08 October 2011


It's Thanksgiving Weekend. That's the time when we all sit around, eat turkey, and wrack our brains for things to be thankful for. Because, you know, the table groaning under all that food isn't giving us any hints. Hah.

Canadian Thanksgiving is always on the second weekend in October. In Germany, Erntedank (Harvest Thanks), is the first Sunday of that month. In the US, it's the fourth Thursday of November. Someone, I believe it was Barbara Kingsolver in "Animal, Vegetable, Miracle", pointed out that the difference is accounted for by the different lengths of the growing seasons in those places. In the Northern latitudes, harvest is pretty much done by October; in fact, the year before last we had our first hard freeze on Thanksgiving weekend. The grape harvest is the last thing that needs to be done in October; that year, we went on a winery tour the day after that freeze, and they were frantically scrambling to get in the grapes, because once you have a freeze, that's it for the ripening process. I don't know if they left any grapes on the vines for icewine, which is an amazing delicacy which also requires northerly climates to produce, but usually icewine doesn't happen until December or so.

So, anyway, in Canada, and in Northern Europe, early October is when you've picked most of what you're going to pick, have finished making your jams and jellies and pickles, and have bags of dried fruits hanging in the rafters in your attic - don't you? No, me neither, though I do have some in jars in the cupboard. But my Southern German grandmother used to have this big attic, over the barn which was attached to the house - she hung her laundry up there in the winter time - and I remember cloth bags suspended in that dusky space, being told they were full of dried fruit.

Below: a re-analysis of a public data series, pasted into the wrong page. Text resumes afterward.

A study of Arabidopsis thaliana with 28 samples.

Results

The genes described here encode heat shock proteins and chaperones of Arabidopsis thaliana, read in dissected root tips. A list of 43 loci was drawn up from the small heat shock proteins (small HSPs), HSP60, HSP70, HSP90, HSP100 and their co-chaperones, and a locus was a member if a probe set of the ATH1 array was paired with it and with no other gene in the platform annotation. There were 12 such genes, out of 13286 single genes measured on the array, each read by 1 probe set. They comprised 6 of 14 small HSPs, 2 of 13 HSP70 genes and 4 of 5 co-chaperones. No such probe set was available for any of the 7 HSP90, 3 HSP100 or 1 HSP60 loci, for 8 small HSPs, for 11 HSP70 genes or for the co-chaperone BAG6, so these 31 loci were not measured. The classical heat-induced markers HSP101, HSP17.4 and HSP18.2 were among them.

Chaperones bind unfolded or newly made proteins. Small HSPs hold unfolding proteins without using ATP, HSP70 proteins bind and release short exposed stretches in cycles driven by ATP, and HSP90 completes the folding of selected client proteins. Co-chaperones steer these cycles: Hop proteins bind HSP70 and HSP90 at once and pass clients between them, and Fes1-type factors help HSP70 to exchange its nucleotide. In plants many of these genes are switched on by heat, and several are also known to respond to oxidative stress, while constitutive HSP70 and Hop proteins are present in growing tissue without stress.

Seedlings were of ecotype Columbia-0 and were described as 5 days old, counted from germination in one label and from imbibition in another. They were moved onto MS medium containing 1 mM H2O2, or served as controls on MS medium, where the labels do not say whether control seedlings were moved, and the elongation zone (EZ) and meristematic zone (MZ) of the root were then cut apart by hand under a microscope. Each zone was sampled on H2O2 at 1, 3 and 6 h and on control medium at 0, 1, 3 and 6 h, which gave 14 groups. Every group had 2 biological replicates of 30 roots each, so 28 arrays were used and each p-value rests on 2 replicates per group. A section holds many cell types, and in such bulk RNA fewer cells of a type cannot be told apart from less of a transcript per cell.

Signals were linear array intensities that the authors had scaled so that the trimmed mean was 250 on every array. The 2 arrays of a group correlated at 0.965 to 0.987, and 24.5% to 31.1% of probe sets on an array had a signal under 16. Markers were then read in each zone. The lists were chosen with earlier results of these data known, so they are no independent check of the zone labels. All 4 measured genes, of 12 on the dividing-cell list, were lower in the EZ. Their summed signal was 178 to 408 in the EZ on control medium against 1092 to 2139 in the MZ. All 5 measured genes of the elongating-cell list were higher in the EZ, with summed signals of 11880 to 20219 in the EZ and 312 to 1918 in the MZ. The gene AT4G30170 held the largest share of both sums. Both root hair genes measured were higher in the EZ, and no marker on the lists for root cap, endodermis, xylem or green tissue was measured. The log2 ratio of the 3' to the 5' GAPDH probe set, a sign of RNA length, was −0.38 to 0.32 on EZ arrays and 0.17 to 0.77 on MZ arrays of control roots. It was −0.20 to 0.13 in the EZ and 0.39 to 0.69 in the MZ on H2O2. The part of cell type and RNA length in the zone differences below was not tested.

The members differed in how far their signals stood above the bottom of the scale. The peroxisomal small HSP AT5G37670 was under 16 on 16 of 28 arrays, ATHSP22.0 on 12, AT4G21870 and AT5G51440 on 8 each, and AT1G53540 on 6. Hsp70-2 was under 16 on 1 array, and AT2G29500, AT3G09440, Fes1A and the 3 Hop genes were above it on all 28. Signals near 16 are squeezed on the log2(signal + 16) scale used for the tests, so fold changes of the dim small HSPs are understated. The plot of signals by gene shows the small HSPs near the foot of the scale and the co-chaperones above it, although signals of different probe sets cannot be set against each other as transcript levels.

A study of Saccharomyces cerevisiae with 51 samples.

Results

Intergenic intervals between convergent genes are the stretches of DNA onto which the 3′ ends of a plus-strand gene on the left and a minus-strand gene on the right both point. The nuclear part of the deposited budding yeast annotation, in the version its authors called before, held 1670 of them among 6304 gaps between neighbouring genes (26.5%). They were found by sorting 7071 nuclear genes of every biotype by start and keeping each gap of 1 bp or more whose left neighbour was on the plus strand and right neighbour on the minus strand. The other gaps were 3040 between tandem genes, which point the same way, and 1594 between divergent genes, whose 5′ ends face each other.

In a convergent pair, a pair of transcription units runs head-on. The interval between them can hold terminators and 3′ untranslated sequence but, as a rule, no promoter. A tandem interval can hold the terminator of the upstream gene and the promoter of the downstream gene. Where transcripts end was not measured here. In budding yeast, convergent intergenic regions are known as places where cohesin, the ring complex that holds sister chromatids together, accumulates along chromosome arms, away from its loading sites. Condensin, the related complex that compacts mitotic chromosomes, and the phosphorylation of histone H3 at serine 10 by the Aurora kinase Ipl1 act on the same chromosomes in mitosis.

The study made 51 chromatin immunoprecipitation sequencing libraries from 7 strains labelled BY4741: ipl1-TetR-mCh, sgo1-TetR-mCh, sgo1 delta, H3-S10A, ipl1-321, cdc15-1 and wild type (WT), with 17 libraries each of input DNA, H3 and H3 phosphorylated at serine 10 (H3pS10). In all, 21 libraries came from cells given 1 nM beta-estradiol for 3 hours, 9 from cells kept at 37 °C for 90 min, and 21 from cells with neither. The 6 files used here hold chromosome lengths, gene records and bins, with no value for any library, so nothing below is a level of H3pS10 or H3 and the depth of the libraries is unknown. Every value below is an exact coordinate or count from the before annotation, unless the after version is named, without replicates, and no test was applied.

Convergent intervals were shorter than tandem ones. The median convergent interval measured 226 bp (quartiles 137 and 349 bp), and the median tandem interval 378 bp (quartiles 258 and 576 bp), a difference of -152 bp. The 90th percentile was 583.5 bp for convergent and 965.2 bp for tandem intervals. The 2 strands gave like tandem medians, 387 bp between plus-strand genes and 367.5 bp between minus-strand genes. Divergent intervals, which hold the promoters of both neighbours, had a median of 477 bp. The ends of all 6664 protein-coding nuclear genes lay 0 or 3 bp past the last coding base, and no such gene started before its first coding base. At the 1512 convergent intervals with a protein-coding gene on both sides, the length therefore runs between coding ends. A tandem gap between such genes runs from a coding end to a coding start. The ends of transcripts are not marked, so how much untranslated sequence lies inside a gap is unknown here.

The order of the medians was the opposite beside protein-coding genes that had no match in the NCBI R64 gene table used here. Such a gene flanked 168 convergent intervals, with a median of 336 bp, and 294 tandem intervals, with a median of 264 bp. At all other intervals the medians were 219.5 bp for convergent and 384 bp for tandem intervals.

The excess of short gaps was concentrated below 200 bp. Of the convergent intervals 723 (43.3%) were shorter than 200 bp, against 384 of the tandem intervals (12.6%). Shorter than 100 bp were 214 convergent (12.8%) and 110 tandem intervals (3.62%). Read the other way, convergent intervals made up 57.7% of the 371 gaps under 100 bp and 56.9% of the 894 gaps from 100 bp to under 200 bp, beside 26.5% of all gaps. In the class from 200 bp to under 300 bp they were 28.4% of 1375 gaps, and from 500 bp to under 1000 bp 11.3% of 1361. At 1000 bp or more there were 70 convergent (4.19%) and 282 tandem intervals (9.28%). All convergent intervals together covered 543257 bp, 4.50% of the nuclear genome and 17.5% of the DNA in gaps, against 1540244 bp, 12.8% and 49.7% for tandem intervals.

I don't remember ever having Schnitzbrot at her house, but I'm sure she made some sometime, as it's a traditional Swabian Christmas treat. It's literally bread, generally a heavy rye, loaded with dried fruit; sort of like American fruit cake except without the candied fruit and wrapped in bread dough instead of cake batter. One of my uncles was a preacher, and I once went with him on a visit to an old, old farmhouse in the countryside, and the ancient and wrinkled farmer woman gave me a piece of Schnitzbrot, thick, heavy and chewy-sweet, spread with fresh cool butter. Wonderful. In Bavaria, they call it Kletzenbrot, "Kletzen" being dried pears. On the first and third Thursday evening in Advent, young people dressed up as shepherds go from house to house, sing carols, and are given treats or money for it, rather like christmassy trick-or-treaters; in "the old days" they didn't get candy or money, but the Kletzen for their Kletzenbrot.

Somehow this year I'm much more aware of the wonders of the harvest, the blessings of food that's come straight from the land. Our season was rather short this year, as we had a long, cool winter and spring; it seems it barely began and it was over already. But in those few short months the land was bursting at the seams with fruit, with vegetables, with berries and peaches and plums and herbs and fruit flies (no, wait, we actually didn't have a lot of those this year; probably thanks to the cooler weather). A cornucopia of abundance.

Life, the Universe, and a Good Harvest. I don't think I have any problems finding things to be thankful for this year.


  1. very cool. I didn't realize Canada celebrated T'day so early. Informative as always, and here's to giving thanks~ :o)

  2. Yes, Canadian T'day is all about Thanks and Food and stuff, nothing about pilgrims and Indians and popcorn (the Canadian story of explorers and Natives involves cedar bark tea to cure scurvy, which isn't nearly as interesting and tradition-inspiring as popcorn).
    Happy Thanking, no matter when it happens!
    (I wonder if down-under people have a Thanksgiving Day in, say, May?)